Al-Qaeda’s African connection

2011-05-07 00:00

AN aspiring karate champion, a failed shark fin dealer and high-end car dealer are among the Africans who swelled the ranks of the global terror network, Al-Qaeda, leaked secret documents reveal.

Intelligence dossiers of more than 700 suspected Al-Qaeda operatives held at the U.S.’s controversial Guantánamo Bay prison in Cuba, recently published by WikiLeaks, provide intimate details of the well-oiled international network of NGOs, charities and funders that ferried Islamist fighters to various training camps in Pakistan, Afghanistan, Somalia, Yemen and other states.

Among those are the dossiers of 88 African nationals, which outline how they got drawn into Al-Qaeda and how some of them became close allies of Osama bin Laden.

Ahmed Khalfan Ghailani (37), the only Tanzanian among the 88, fled his home country after acting as a courier in the 1998 bombings of the U.S. embassies in Kenya and Tanzania. A high school dropout, he had run a failed business transporting Somalian shark fins between Zanzibar and Dubai before being recruited by one of the organisers of the embassy bombings in Mombasa. Shortly after arriving in Afghanistan in 1999, he met Osama bin Laden and became his bodyguard and cook.

Mustafa Ait Idr (40), an Algerian national, fought on the Bosnian side in the Bosnian War from 1993 to 1995. A martial arts expert who claimed to have trained other Islamist fighters, he was apparently also an aspiring member of the Bosnian national karate team. He was one of six Algerians arrested in 2001 for plotting to bomb the U.S. embassy in Sarajevo.

Akhmed Aziz (41), a Mauritanian with degrees in literature and economics, started off working in the family’s real estate business and then became a buyer and seller of second-hand cars, which drew him to travel to Spain, Belgium and Germany. He became a language teacher at an Al Qaeda-affiliated school in Kandahar, Afghanistan, in 1999 and became a member of Al-Qaeda’s religious committee. He was even a guest at the wedding of Osama bin Laden’s son.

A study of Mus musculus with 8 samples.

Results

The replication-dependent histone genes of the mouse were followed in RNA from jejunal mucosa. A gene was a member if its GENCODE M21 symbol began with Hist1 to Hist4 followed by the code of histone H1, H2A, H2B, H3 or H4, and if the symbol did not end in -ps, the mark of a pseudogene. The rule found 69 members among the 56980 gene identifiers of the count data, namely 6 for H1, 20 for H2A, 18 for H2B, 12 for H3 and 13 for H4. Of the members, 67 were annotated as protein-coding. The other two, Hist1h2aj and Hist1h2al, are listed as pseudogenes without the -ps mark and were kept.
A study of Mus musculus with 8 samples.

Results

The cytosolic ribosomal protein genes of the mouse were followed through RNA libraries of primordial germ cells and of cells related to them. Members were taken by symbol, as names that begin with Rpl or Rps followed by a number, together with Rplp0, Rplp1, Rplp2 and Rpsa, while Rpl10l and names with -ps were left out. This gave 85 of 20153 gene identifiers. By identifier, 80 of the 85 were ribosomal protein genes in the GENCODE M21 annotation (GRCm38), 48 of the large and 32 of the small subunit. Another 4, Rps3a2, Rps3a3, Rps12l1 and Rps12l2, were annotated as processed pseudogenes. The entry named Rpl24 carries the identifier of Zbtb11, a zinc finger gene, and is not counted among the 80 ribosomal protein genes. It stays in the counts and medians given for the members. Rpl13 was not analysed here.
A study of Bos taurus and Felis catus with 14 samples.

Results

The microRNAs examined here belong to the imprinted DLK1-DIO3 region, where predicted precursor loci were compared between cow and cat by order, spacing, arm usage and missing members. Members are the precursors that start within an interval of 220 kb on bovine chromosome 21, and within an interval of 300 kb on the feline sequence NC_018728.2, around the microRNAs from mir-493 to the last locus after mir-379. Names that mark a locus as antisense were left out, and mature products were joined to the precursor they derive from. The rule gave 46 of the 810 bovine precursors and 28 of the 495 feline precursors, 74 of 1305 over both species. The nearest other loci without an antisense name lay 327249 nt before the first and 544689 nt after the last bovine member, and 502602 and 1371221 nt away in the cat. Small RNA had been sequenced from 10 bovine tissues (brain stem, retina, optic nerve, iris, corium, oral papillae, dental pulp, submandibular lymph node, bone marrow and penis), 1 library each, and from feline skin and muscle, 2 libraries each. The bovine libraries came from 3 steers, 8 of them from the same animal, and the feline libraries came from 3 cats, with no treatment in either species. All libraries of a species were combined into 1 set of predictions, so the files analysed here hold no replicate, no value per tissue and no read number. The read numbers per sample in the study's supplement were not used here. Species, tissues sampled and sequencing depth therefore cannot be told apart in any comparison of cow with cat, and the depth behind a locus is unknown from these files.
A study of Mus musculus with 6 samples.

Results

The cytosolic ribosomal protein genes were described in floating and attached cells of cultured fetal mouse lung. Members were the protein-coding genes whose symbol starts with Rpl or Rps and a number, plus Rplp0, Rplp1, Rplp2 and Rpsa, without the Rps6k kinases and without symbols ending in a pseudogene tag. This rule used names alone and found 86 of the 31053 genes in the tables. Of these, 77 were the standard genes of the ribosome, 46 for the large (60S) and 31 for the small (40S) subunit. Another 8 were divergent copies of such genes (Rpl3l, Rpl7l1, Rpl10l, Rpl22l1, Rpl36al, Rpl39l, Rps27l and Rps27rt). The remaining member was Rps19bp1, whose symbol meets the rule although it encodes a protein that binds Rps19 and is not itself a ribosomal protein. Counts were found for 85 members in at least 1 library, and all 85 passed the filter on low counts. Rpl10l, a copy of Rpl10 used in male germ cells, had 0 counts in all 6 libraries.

Mauritanian national Mohamedou Ould Salahi (40) was invited to Germany on an engineering scholarship. While studying, he became a chief recruiter of Al-Qaeda in Europe, and was named by one of the surviving planners of the September 11 attacks on the World Trade Center in New York as the man who recruited three of the four hijackers involved: the commander, Muhammad Atta, Marwan al-Shehhi, who destroyed the South Tower, and Ziad Jarrah, the pilot of the plane that crashed in Pennsylvania.

Salahi was also claimed to be involved in the “Millennium” bombing plot to attack the Los Angeles International Airport on New Year’s Eve 1999.

Several of the detainees had entered Europe via Italy, where they did odd jobs in vineyards, shops or the drug trade before being recruited at mosques in Milan and Turin and shipped off to training camps in Pakistan and Afghanistan.

Four of the 12 Tunisian detainees served prison sentences on drug-related charges in Italy, including Ridos al-Yazidi, a possible bodyguard of Bin Laden who is claimed to have forged passports to ease operatives’ passage through Europe to the Middle East.

In Libya most of the recruits’involvement in Al-Qaeda was bound up with opposition to the reign of Muammar Gadaffi. Eight of the 10 Libyan-born detainees whose dossiers are available fled the country after becoming aware that they were being investigated by Libyan government intelligence.

Most of them spent time working for Osama bin Laden’s companies in Sudan in the early to mid-1990s before making their way to Pakistan and Afghanistan for training. Among them was Abu Al-Libi (41), appointed Al-Qaeda’s operational chief after Bin Laden’s number two, Khalid Sheikh Mohammed, was arrested by the Pakistani intelligence service in 2003.

Anneli Botha, a senior researcher on terrorism at the Institute for Security Studies, said the recruitment patterns of the Guantánamo Bay detainees echoed the general trend of Islamist fighters. She says there is no single “profile” of an Islamist fighter or extremist: people from all walks of life are drawn to the Al-Qaeda ideology, motivated by their own individual reasons.

The entire movement of militant Islam fighters in Africa can be drawn back to the Soviet-Afghan war, says Botha. When the Soviet Union withdrew from Afghanistan in 1989, it left the militants with the impression that they can defeat a superpower.

Upon their return to civilian life, they wanted to replace the corrupt governments they saw with governments based on religion. To them Islam offered a return to a value system that wasn’t borrowed from the “outside” such as communism and capitalism.

Botha warned the recent death of Bin Laden at the hands of U.S. troops does not change any of the underlying causes of religious extremism.

She also echoed warnings raised earlier this week that corruption in South Africa makes the country a convenient conduit for terrorists. “The ease with which one can obtain SA citizenship and a SA passport enhances the country’s vulnerability to be used as a safe haven to terrorists and criminals.”